Visnews cameraman, Martin Fletcher, has taken the first publicly released film of Syrian prisoners-of-war held in Israel since the October Arab-Israeli conflict.
GV Prisoners running out onto exercise yard watched by israeli security guards (2)
GV Prisoners of war being drilled (2)
MV Prisoners standing to attention
SV Guards watching
GV & CU Prisoners of war in exercise relaxing
CU Group of prisoners learning against wall talking (3)
MV Prisoner of war antering mass hall (2)
MV INT Prisoners entering mess hall (2)
MV & GV prisoner seated at table awaiting meal with bread and fruit on table
Initials SC/2223 SC/2255
Script is copyright Reuters Limited. All rights reserved
Background: Visnews cameraman, Martin Fletcher, has taken the first publicly released film of Syrian prisoners-of-war held in Israel since the October Arab-Israeli conflict. The 390 prisoners appear to be healthy and comfortable. They are living in a converted British-built fort.
This evidence that the prisoners are in good shape comes at a time when there is increasing anxiety over the well-being of Israeli prisoners, because the Syrians are still refusing to hand over a list of prisoners of war. The Israelis have said they will not open negotiations on disengagement along the Golan Heights until a list of prisoners has been published and Red Cross inspectors have looked at them.
The Syrians have issued complaints that their prisoners were being badly treated. But there was no evidence of this. Thee sleep in 100-bunk dormitories and organise their own lives, including the preparation of meals.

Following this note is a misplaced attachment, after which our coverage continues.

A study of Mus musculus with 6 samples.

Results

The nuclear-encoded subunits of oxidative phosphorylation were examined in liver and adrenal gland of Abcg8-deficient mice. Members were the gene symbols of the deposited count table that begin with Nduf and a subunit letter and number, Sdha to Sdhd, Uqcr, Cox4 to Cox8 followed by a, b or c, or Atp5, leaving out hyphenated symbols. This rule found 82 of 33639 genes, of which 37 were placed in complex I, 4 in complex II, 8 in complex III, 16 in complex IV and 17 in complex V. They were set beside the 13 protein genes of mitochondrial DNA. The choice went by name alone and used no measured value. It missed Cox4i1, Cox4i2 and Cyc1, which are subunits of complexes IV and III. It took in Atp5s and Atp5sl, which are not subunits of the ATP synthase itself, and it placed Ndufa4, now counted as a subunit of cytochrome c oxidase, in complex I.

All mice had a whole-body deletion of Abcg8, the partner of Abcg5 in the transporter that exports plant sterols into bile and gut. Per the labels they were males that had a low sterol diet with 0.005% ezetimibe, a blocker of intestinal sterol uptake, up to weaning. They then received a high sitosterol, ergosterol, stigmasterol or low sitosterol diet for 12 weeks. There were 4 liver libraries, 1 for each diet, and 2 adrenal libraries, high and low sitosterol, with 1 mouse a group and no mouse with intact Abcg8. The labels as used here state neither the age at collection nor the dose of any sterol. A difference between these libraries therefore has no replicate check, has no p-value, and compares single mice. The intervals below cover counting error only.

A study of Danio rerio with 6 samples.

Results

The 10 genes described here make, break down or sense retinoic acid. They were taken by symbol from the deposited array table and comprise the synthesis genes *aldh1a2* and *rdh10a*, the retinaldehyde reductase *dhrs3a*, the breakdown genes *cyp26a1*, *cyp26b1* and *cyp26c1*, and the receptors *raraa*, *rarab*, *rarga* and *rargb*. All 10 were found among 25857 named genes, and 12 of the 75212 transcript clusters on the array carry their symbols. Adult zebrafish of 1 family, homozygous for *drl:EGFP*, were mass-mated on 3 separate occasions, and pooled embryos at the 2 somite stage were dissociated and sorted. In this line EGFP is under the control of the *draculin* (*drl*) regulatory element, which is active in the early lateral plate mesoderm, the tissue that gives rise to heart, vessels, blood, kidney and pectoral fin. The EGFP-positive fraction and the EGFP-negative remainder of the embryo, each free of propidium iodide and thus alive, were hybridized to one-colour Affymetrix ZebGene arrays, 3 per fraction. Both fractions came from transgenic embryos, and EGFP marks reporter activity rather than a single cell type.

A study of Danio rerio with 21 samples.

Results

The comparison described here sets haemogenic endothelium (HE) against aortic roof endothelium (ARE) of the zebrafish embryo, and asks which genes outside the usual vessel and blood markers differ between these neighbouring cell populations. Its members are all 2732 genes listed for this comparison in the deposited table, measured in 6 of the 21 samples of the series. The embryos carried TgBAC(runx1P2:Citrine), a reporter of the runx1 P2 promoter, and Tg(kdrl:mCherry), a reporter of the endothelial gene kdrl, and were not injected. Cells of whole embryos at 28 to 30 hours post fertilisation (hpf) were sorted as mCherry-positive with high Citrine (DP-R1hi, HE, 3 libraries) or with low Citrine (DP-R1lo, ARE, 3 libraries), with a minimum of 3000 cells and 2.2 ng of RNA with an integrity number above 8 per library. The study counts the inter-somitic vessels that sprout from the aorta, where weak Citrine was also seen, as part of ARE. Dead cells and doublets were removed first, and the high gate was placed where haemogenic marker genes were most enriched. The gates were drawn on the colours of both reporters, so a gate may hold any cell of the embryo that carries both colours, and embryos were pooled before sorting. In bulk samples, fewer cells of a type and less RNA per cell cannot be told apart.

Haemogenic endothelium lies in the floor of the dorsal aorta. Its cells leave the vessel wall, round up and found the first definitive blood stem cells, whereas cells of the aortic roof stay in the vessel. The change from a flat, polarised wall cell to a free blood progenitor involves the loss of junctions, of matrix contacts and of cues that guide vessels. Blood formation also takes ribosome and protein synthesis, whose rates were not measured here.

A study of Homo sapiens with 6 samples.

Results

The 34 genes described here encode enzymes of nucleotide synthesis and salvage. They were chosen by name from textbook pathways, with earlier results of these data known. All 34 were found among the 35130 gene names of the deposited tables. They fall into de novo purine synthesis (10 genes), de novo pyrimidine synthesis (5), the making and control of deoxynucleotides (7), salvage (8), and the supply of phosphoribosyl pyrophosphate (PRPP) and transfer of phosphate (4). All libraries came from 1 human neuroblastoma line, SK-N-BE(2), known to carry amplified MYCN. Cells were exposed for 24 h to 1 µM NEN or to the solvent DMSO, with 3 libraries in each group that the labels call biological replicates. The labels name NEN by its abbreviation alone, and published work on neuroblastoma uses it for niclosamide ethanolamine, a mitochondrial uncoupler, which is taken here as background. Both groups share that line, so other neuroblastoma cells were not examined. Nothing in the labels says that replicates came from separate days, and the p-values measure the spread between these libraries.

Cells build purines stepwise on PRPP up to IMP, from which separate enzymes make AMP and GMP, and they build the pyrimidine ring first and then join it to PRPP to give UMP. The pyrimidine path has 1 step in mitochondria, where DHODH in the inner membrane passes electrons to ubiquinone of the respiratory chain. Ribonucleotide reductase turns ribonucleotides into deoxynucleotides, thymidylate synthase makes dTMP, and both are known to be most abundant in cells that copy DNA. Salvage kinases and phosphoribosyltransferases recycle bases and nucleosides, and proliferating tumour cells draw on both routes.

SYNOPSIS: This is the first film of the four hundred Syrian prisoners-on-war hold in Israel, since the October Arab-Israeli conflict. It was taken on Monday by Visnews cameraman, Martin Fletcher.
The prisoners appear to be healthy and comfortable living in a converted fort built by the British in the late 1940s. Syria has accused Israel of violating the Geneva conventions on the treatment of prisoners of war, but on Monday there was no evidence of any maltreatment.
This evidence of the well-being of the Syrian prisoners comes at time when there is increasing concern about Israeli prisoners in Syria.
Although the Israelis have published lists of Syrian prisoners, the Syrians have refused to do the same. The Syrians have been urged to publish the lists by the United States, the Soviet Union and other Arab countries. But they have said they will not do so until the Israelis allow expelled villagers to return to their homes on the Golan Heights. Thousands were driven out during the recent fighting.
The Israelis on the other hand say that they will not enter into negotiations about disengagement on the Golan Heights until the prisoner lists have bene published. This deadlock means that the Syrian prisoners are mouldering in captivity long after the Egyptiane had returned home.
Prospects for their release become brighter on Sunday when it was announced that five Arab heads of state, including President Assad of Syria, would shortly meet in Cairo. Diplomat observers believe that President Assad will be offered full arab support over disengagement on the Golon Heights.
Previously President Assad had facod the possibility that he would have to deal with the Israelis alone after Egypt and israel arranged a disengagement pact. The Arabs can still maintain pressure through the embargo on oil exports to the United States.
Meanwhile the Syrian prisoners of war continue their captive existence. Although they are closely guarded they largely organise their day-to-day existence themselves under the leadership of their non-commissioned officers. They cook for themselves from provisions supplied by the Israelis.